A barrier to the application of variable-speed components (drives, fans, pumps, and
compressors), which would be much more efficient and would enable new technologies, is the
requirement of a 42-volt electrical system in the truck. That, in turn, would require changing
every system on the truck that uses electricity, including lights, radios, and microprocessors. To
deal with the existing fleet and its 12-v system, in addition to future trucks with a 42-v system,
manufacturers would have to produce components for both voltage levels, and suppliers would
have to stock twice as many parts for many years. Ultimately, the costs of all those changes
would have to be absorbed by the trucking company and offset by the fuel savings.
Other factors that must be considered are operating costs related to weight, reliability, and
durability. If a new device (such as an auxiliary power unit, for example) adds weight to the
truck, there will be an equivalent reduction in payload, which reduces the revenue of the trucker.
Reduction of reliability and durability cannot be tolerated because of the potential added
expenses due to repairs and downtime. Owners must be presented with convincing data on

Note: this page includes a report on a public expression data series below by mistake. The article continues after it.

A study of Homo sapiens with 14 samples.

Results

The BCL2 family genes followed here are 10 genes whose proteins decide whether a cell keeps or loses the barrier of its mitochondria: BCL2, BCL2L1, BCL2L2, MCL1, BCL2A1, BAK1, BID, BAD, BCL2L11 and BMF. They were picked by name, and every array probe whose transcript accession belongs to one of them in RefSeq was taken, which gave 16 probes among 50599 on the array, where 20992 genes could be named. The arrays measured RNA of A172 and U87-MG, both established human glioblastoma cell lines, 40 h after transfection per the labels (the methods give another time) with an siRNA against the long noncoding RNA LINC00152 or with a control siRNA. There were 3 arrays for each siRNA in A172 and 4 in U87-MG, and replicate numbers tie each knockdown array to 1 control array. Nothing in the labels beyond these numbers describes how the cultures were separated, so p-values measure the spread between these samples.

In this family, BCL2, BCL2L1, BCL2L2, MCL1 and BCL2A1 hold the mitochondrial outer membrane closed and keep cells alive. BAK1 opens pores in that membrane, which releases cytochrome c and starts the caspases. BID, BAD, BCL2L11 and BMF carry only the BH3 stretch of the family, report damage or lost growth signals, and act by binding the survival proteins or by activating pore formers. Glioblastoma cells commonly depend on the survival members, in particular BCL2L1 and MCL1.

reliability before they will accept new technology.
While cost is a major concern for any new technology, a number of potentially energy-
saving advanced concepts also face technical barriers. A few examples are as follows:
A fundamental understanding of flow boiling mechanisms will be required to
develop a reliable and effective nucleate-boiling cooling system.
Effects on erosion and wear of components due to particles in nanofluids must
be understood before nanofluid technology will be accepted for improving the
heat-transfer characteristics of coolants and engine oils.
Fouling and pressure-drop issues must be addressed and resolved for the
application of advanced heat exchangers that use carbon foam technology.